Utility billing changeover gets extensionPublished 8:36am Monday, October 14, 2013
AHOSKIE – There may be a Grinch that steals a little bit of Christmas for Ahoskie’s utilities customers but the Town Council has done what it can to make it less painful.
At its regularly scheduled meeting Tuesday morning the Council unanimously approved a recommendation that will allow the town’s utilities customers an opportunity to spread over time their second month of water/sewer charges in their December bill for a period of up to six months.
The town is currently in the process of switching over its utilities billing system from one where customers are billed two months behind to one where they will be billed on a 30-day cycle.
“We went out and looked at different software programs this year and brought back to Town Council with the recommendation that we move into contract with Black Mountain (utility) software to provide out software program which will do our billing,” Town Manager Tony Hammond told the council members.
In addition to utility billing, the new system will do, among other things: budgeting, human resource management, building inspections, and code enforcement.
Under the current system by Logics Solutions of Raleigh, for example, utilities usage in October would not be billed until December-January. Such a system produces late finding, notifying, and billing for things such as leaks as hundreds, maybe thousands of gallons of water may have leaked undetected until caught.
“If you have a leak this month, unless you go out and look at your lines you’re not going to know by your bill until the December-January time frame when you get that bill in,” continued Hammond. “So you not only had a leak during that particular time frame, but you’ve had more time for that leak to continue.”
The new utilities billing system by Black Mountain, based in Montana, will require the town to bring all of its utilities accounts up to date and have all charges under the former system billed out before Black Mountain begins its service. This will result in a November bill for 45 days of usage and 60 days usage billed in December.
“Their request is that we start reading between the 21st and the 26th and post everything on the 27th and the bill that you get for the first of the month is going to be for the water you used the previous 30 days,” said Hammond. “It’s going to eliminate that two-month lag cycle.
“So you’re not going to get a normal water bill,” he added. “You’re going to get a water bill that’s going to be twice what it normally is for us to get current.”
To inform customers of the impending change ahead the town will have inserts in upcoming utility bill mailings as well as a media campaign.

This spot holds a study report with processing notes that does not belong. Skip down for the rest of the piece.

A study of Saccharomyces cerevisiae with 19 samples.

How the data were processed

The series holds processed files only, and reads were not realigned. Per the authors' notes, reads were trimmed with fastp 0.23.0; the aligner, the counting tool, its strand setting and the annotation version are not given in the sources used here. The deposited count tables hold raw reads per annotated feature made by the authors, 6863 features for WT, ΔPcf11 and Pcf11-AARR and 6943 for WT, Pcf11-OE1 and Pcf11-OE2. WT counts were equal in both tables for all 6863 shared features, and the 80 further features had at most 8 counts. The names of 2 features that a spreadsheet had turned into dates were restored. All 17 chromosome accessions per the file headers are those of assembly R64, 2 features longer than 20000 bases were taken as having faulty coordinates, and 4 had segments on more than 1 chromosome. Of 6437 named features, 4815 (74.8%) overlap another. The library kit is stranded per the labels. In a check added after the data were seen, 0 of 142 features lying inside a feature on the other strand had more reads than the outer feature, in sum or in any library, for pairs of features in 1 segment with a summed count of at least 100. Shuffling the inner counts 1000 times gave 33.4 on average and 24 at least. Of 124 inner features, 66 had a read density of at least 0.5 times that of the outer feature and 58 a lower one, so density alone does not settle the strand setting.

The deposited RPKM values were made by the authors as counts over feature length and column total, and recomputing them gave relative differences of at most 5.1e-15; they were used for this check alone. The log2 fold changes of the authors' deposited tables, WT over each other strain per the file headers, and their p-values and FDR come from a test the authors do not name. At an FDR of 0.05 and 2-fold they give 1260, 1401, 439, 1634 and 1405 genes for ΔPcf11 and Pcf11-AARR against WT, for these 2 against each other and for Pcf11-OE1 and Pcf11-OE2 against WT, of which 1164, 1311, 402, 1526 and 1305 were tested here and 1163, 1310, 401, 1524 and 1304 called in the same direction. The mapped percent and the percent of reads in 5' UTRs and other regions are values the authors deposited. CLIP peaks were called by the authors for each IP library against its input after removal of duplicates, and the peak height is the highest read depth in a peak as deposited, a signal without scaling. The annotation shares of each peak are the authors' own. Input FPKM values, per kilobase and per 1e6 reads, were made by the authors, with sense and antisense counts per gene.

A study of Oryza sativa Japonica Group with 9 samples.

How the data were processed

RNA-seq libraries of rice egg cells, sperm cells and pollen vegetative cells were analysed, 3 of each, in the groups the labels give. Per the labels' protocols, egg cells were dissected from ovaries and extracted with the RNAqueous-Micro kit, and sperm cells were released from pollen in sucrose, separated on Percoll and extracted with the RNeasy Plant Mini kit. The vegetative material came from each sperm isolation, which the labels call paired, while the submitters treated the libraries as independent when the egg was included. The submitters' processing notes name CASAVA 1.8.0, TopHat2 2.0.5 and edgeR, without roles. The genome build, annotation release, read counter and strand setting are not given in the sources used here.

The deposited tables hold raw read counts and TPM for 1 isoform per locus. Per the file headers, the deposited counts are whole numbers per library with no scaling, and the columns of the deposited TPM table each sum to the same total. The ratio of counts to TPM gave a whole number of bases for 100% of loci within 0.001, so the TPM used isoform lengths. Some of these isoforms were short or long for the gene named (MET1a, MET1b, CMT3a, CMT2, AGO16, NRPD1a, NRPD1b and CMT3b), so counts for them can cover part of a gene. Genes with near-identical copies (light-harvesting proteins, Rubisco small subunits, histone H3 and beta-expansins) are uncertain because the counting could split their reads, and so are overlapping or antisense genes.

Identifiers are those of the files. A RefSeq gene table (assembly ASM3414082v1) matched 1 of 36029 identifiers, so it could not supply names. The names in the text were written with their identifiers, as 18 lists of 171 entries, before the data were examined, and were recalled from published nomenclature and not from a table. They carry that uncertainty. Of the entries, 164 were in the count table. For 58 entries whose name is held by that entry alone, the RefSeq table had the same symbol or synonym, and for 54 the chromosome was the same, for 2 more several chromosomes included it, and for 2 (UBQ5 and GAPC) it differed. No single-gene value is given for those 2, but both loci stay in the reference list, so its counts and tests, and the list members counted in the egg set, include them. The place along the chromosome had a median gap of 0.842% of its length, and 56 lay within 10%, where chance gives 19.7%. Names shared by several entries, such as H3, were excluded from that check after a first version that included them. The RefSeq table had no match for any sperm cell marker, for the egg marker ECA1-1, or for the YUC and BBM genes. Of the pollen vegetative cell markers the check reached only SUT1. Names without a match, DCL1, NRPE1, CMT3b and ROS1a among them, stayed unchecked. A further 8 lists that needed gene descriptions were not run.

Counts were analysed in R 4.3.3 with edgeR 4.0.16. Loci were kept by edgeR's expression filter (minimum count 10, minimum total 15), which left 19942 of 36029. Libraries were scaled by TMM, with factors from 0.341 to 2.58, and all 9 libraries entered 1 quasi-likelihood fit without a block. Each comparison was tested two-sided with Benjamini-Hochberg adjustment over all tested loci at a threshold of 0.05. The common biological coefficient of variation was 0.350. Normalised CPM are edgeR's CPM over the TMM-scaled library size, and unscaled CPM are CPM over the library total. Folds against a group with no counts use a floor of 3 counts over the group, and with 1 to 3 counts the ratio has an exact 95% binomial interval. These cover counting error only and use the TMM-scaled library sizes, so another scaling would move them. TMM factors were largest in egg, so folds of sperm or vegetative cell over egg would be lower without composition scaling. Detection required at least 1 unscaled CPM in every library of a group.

Hammond further stated that he expected there may be issues with customers over payment of the double-billing charges and his first recommendation was that after customers paid their first normal, 30-day portion of the bill they would have four months to pay the balance; however he was willing to extend it to six months.
“Once we get that done everything will be current and we will be billing for everything that you’ve used over the past 30 days instead of doing this two months in arrears billing cycle that we’re currently on,” he said.
December’s will be the big bill, according to Patricia Bradley of the town Finance Department, but afterward the billing system would be current and up to date.
Councilwoman Linda Blackburn voiced concerns about the timing because of the holiday season and its effect on family budgets.
“I’m all for it if I can be assured that when folks come to Town Hall they won’t come confused or frustrated and that there’s going to be kindness,” Blackburn said.
“Unfortunately the timing is bad, but we’ve paid (the current utilities biller) thru December 31, said Bradley. “The new software wants to go online as of January,” she added. “So it’s either do it now or continue to pay for two separate softwares.”
Hammond also informed Council that under the current billing system customers are billed in 1,000 gallon increments and partials are placed in an account and the customer isn’t billed until the total reached another 1,000.
“We’re trying to get it where we can read and bill for everything that you use right now,” Hammond said.
Councilwoman Elaine Myers made a motion to approve the recommendation of the billing change with the six-month adjustment period. Councilman Malcolm Copeland seconded the motion and the council then unanimously approved it with a 5-0 vote.